Prince Harry Feared a False Article Left Service Members and Veterans "More Susceptible to Suicide"

Prince Harry said a Mail on Sunday article claiming he had abandoned the British military could have "devastating effects" on service members and veterans.

london, england january 16 prince harry, duke of sussex hosts the rugby league world cup 2021 draws for the mens, womens and wheelchair tournaments at buckingham palace on january 16, 2020 in london, england photo by samir husseinwireimage
(Image credit: CHRIS JACKSON)
  • Prince Harry said a Mail on Sunday article (opens in new tab) claiming he had abandoned the British military could have "devastating effects" on service members and veterans, in a legal document filed as part of his libel action (opens in new tab) against the paper's publishers. 
  • Harry's lawyers said the article could damage his credibility among the British military community and minimise the impact of his advocacy for mental health services.
  • The legal document said the article could leave service members and veterans "more susceptible to suicide."

Prince Harry feared a Mail on Sunday article claiming he had abandoned the British military (opens in new tab) since stepping down as a senior royal could have "devastating effects" on service members and veterans, potentially "leaving them more susceptible to suicide."

In a legal document submitted as part of his libel action against the Mail on Sunday's publishers, Associated Newspapers, the Duke of Sussex's lawyers say the article impacted his "credibility" among the military community, as Newsweek reports (opens in new tab), and could thus "seriously hamper" his efforts to promote mental health services.

In October, the Mail on Sunday published an article claiming that Harry had ceased contact with the Royal Marines since stepping down as a senior royal and relinquishing his honorary role of Captain General. The article further alleged that Harry had snubbed former Army head Lord Dannatt, ignoring a letter which he asked for more support for the British military community.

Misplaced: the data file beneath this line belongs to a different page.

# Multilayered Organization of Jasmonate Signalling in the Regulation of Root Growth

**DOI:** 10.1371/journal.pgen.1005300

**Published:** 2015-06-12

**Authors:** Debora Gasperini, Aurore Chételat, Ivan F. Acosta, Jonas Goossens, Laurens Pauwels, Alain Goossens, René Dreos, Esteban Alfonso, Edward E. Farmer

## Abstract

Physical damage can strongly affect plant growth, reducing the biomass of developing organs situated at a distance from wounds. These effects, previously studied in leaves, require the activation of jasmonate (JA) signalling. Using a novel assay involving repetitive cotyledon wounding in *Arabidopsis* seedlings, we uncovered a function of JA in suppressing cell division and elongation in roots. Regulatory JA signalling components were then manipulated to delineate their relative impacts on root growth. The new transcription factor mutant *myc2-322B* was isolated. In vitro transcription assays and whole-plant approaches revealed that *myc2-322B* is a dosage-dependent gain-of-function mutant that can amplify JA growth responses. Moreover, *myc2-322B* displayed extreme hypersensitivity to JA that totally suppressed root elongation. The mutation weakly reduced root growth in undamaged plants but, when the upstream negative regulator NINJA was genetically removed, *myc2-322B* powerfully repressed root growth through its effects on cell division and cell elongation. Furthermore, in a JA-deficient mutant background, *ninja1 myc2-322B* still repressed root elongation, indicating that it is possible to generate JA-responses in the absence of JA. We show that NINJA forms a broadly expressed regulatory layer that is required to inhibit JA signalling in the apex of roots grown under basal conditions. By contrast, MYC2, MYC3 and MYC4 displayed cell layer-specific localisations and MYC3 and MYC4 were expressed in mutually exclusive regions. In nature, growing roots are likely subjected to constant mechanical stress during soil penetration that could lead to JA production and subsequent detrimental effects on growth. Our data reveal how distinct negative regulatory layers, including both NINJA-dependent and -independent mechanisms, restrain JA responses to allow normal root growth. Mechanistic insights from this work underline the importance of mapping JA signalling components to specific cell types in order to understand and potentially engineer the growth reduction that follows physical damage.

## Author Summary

In a legal warning sent days later, Harry's lawyers at London firm Schillings called the article "false and defamatory," while a source told Vanity Fair that Harry didn't receive Lord Dannatt's letter, and subsequently requested it be forward to his staff in the US.

In the latest legal document seen by Newsweek, Harry's lawyers say the article was "barely researched and one-sided," adding that he was unable to respond to its claims as it was published less than three hours after his representatives were contacted for comment.

The court filing states that Harry's "sincere ambition is to continue to help current and former military personnel by using his reputation and the platform he has as a result of his military service." It continues, "This role substantially depends upon [Prince Harry] using his reputation to help such causes by attracting public support for them."

"The publication of the allegations complained of will seriously hamper his ability to do so and therefore have an adverse effect upon the people he is seeking to help," the filing reads.

"[Prince Harry] has, in particular, used his reputation to support and encourage current and former military personnel to seek help for mental health problems," Harry's lawyers say. "The publications complained of will diminish [Prince Harry's] credibility in the eyes of such personnel and therefore make them less likely to seek the help being offered."

"[Prince Harry] reasonably fears that this will in turn have devastating effects upon such individuals, including leaving them more susceptible to suicide."

In December, the Mail on Sunday (opens in new tab) retracted the article and published an apology to Prince Harry. (opens in new tab) "An article on 25 October 2020 reported that Prince Harry had been accused by a top general of turning his back on the Royal Marines since withdrawing from his military roles in March and that, in an apparent snub to the Armed Forces, he had failed to reply to a letter from Lord Dannatt, a former Chief of the General Staff," the statement read (opens in new tab).

"We now understand that Harry has been in contact in a private capacity with individuals in the military including in the Royal Marines to offer informal support since March and that whilst he did not initially receive the letter from Lord Dannatt referred to in the article due to administrative issues he has since replied on becoming aware of it," the statement continued. "We apologise to Prince Harry and have made a donation to the Invictus Games Foundation."

Emily Dixon

Emily Dixon is a British journalist who’s contributed to CNN, Teen Vogue, Time, Glamour, The Guardian, Wonderland, The Big Roundtable, Bust, and more, on everything from mental health to fashion to political activism to feminist zine collectives. She’s also a committed Beyoncé, Kacey Musgraves, and Tracee Ellis Ross fan, an enthusiastic but terrible ballet dancer, and a proud Geordie lass.